Editor’s Note: A racist fence. What’s next, prejudice dirt? This judge clearly has no intention to protect our borders and probably played a key role with the influx of illegal immigrants coming over. You know, with that whole ‘fence is racist’ line.
A Homeland Security initiative to put fencing along the U.S.-Mexico border could discriminate against minorities, according to an Obama-appointed federal judge who’s ruled that the congressionally-approved project may have a “disparate impact on lower-income minority communities.”
This of course means that protecting the porous—and increasingly violent—southern border is politically incorrect. At least that’s what the public college professor at the center of the case is working to prove and this month she got help from a sympathetic federal judge. Denise Gilman, a clinical professor at the taxpayer-funded University of Texas-Austin, is researching the “human rights impact” of erecting a barrier to protect the U.S. from terrorists, illegal immigrants, drug traffickers and other serious threats.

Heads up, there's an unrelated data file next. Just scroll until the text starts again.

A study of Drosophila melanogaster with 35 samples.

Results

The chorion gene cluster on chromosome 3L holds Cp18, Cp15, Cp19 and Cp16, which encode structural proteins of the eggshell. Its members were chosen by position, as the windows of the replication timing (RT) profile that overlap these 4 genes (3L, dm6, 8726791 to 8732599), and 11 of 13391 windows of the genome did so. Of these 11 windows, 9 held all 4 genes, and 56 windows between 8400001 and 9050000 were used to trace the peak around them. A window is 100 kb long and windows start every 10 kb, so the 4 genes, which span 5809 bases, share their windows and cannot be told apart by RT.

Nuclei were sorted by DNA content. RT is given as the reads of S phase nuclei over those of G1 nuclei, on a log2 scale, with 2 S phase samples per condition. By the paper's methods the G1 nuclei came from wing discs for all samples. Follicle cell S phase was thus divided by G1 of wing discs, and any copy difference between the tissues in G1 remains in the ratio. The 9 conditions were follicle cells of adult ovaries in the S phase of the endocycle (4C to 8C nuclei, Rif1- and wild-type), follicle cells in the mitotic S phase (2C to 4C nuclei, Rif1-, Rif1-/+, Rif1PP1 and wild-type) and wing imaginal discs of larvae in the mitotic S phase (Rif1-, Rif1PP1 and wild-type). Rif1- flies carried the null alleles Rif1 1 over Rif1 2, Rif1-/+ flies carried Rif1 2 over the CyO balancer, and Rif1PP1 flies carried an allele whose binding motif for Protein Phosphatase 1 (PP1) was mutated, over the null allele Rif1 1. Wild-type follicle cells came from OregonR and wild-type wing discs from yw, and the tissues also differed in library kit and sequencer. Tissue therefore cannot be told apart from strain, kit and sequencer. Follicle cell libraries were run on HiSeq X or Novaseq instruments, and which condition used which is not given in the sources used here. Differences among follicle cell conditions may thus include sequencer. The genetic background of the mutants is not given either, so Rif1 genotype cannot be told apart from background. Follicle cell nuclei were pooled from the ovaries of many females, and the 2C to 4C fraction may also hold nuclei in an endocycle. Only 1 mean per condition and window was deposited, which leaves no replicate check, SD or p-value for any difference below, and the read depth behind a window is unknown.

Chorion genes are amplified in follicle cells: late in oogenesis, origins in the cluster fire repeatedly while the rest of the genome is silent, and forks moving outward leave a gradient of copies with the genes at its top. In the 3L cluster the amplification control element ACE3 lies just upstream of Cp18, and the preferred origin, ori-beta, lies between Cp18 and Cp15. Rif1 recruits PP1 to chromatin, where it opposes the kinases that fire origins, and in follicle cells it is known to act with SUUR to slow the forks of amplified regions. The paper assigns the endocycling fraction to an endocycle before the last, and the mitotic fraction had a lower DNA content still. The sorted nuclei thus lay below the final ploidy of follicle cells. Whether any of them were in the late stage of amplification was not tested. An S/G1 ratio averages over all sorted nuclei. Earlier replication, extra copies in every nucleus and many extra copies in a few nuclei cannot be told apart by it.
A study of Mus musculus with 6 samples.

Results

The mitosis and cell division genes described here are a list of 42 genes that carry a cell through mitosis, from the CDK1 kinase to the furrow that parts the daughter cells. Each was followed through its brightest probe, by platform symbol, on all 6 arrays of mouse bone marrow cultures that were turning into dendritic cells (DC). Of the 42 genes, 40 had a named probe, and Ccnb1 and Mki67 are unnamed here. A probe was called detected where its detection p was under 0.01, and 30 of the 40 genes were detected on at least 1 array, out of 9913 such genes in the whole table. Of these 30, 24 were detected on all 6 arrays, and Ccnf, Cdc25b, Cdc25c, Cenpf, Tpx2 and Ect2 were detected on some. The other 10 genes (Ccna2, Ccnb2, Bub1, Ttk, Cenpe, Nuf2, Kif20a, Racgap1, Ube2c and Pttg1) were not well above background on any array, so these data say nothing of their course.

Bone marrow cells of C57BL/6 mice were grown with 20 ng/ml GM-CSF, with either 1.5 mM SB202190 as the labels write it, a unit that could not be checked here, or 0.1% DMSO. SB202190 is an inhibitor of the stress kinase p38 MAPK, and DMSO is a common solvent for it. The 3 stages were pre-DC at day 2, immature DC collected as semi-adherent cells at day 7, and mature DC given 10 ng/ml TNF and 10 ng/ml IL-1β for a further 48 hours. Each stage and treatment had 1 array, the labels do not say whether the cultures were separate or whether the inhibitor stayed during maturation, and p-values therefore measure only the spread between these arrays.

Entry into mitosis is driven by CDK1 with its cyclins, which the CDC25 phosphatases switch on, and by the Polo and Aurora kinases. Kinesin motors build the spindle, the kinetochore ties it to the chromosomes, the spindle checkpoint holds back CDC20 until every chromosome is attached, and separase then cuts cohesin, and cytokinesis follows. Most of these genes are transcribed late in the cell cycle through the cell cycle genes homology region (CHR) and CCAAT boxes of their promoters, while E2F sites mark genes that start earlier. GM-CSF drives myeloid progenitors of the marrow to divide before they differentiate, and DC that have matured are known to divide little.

A 2006 federal law orders the construction of fencing or a wall along the most vulnerable portions of the nearly 2,000-mile southern border. This includes reinforced fencing along 700 miles of the southwest border with the Department of Homeland Security (DHS) determining the exact spots. Professor Gilman wants the identities of the landowners in the planned construction site to shed light on the impact the fencing will have on indigenous, minority and low-income communities. The feds refused to provide the information, asserting that it’s private.
The professor sued in federal court arguing that the public interest in how the fence will impact landowners outweighed any privacy concerns. The data will allow the public to analyze whether the government is treating property owners equally and fairly or whether the wall is being built in such a way that it disadvantages “minority property owners,” according to the professor. It will also help the public understand the actual dimensions of the wall and decisions related to where it’s placed.